The drive toward lightweighting water and other PET bottles is reflected in two simple numbers, said David Clark, sustainability director for Amcor Rigid Plastics.
In 2009, it took 11 used bottles to generate a pound of PET for recycling, Clark said. It now takes 16 bottles.
Recyclers have to work harder to get the same tonnage of recycled PET, Clark said during the Society of Plastics Engineers Blow Molding Conference, held Oct. 5-6 in Atlanta.
Both the beverage industry and blow molders have embraced lightweighting and thinner PET bottles, and the use of lighter designs is also spreading to other containers, he said. But there are more ways to improve sustainability beyond decreasing PET use, he said.
Amcor is looking at PET from natural sources such as sugar cane, for instance, and also investing in more energy-saving operations in its plants.
Injection and blow molding are energy-intensive operations, Clark said, and increasing efficiency in production can produce real savings.
The company has spent about $6 million on energy-efficiency projects, ranging from improved lighting to equipment use. Amcor said it will reduce its carbon-dioxide footprint worldwide by 7 percent this year. Globally, Amcor's goal is to reduce greenhouse gas emissions 10 percent by 2011 compared with 2005, and 60 percent by 2030.
Recycling and waste reduction will allow five plants to reach a status of providing zero waste to landfill this year, which is better for the environment and reduces landfill costs.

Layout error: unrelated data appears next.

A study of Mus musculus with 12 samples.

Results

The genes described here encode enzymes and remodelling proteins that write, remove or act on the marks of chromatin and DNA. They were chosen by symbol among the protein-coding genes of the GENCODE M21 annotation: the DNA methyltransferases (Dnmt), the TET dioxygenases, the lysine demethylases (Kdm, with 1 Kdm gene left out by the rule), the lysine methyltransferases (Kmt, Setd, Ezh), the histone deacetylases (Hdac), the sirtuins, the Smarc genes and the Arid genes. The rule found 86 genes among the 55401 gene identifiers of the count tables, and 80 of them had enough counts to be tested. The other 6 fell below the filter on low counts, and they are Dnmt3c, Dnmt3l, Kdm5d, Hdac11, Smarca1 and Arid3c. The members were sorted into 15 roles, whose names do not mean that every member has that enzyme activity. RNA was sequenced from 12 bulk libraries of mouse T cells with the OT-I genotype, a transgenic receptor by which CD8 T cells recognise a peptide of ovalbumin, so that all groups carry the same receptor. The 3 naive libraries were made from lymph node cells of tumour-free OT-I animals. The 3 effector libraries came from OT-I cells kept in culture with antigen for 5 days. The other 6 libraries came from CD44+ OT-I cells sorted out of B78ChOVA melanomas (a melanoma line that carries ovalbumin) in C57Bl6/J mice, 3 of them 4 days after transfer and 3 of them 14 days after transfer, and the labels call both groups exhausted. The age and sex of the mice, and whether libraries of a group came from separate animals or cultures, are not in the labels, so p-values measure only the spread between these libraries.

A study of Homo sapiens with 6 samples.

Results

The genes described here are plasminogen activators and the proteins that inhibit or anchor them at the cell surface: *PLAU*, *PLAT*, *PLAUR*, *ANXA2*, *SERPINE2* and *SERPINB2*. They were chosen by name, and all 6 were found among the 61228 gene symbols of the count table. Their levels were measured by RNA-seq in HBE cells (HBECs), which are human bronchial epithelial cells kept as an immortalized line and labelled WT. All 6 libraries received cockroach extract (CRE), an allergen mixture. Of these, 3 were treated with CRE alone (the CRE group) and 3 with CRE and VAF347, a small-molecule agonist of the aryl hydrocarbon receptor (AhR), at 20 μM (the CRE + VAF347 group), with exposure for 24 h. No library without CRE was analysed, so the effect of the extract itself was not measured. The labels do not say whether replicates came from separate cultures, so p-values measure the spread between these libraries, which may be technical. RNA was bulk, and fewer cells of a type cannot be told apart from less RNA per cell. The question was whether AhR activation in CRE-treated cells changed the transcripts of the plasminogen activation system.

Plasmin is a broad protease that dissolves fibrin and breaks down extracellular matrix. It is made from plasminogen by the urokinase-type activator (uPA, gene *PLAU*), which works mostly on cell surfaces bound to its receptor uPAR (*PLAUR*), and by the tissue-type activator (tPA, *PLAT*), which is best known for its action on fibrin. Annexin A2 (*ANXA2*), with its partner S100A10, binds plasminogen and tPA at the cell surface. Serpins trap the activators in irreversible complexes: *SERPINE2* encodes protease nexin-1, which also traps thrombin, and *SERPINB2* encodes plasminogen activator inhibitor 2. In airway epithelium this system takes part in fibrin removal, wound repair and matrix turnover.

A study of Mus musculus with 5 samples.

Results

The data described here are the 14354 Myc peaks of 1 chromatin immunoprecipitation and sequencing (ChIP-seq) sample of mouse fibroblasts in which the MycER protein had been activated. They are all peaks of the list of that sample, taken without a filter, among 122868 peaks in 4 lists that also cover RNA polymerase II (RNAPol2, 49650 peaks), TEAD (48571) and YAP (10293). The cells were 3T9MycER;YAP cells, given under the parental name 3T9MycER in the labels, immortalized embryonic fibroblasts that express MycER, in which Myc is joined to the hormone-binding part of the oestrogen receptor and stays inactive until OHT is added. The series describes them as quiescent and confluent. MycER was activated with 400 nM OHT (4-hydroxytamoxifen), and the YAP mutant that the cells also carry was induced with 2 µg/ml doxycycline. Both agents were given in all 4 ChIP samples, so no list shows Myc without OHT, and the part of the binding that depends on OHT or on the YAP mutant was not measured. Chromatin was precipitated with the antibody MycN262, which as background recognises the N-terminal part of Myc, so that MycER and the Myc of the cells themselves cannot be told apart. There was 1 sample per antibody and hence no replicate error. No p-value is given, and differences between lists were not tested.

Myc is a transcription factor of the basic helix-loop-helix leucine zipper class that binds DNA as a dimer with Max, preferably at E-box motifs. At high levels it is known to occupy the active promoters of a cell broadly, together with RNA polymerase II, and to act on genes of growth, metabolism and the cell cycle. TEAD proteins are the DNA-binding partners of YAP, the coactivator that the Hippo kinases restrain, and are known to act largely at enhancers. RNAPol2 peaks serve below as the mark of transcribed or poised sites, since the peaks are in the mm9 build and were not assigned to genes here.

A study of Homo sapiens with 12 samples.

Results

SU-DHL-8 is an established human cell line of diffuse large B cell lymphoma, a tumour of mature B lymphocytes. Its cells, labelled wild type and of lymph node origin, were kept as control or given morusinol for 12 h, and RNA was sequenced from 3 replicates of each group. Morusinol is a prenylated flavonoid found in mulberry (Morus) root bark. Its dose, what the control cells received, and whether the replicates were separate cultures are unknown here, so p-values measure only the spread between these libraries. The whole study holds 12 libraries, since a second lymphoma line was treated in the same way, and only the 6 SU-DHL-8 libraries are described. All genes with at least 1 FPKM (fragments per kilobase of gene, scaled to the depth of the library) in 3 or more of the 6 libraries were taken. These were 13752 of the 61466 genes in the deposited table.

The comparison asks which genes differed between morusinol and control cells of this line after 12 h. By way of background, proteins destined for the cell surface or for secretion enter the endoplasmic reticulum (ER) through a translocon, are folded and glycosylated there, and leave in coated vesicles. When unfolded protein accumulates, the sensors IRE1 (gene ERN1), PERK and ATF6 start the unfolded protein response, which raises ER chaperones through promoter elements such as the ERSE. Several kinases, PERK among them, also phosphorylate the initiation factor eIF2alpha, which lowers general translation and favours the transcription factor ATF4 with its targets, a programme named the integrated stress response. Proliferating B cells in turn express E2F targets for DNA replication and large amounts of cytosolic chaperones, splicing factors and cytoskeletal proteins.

We have so many opportunities to improve efficiency that we haven't even started to look at green and renewal energy projects like solar or wind energy, he said.
Lighter bottles and using recycled material are still important for the industry, however, Clark said.
Amcor developed its line of Arches bottles, designed with a more rectangular shape with arches and pillars, for hot-fill beverages such as sports drinks and juices. The design saves 22 percent of the PET weight from a 96-ounce bottle and 19 percent from a 64-ounce bottle.
The shape also makes it easier to pack and ship those bottles, which also saves money and improve sustainability for customers, he said.
Lightweighting throughout the packaging industry taps into consumer demands for more sustainable products, but it also comes as the industry and consumers rethink the amount of plastics they use, said Chase Willett, director of polyester and polyester raw materials with Chemical Market Associates Inc. of Houston That became especially clear when raw material prices increased.
The economy got people reconsidering the amount of bottle buying they were doing, he said.
The use of recycled material will continue to play a part in sustainability efforts. About 28 percent of PET is recycled, Clark said, and 15 percent goes from bottles back into bottles.
It's maybe a small portion of consumers who are conscious of sustainability, Willett said, but a large number of our customers say it is very important.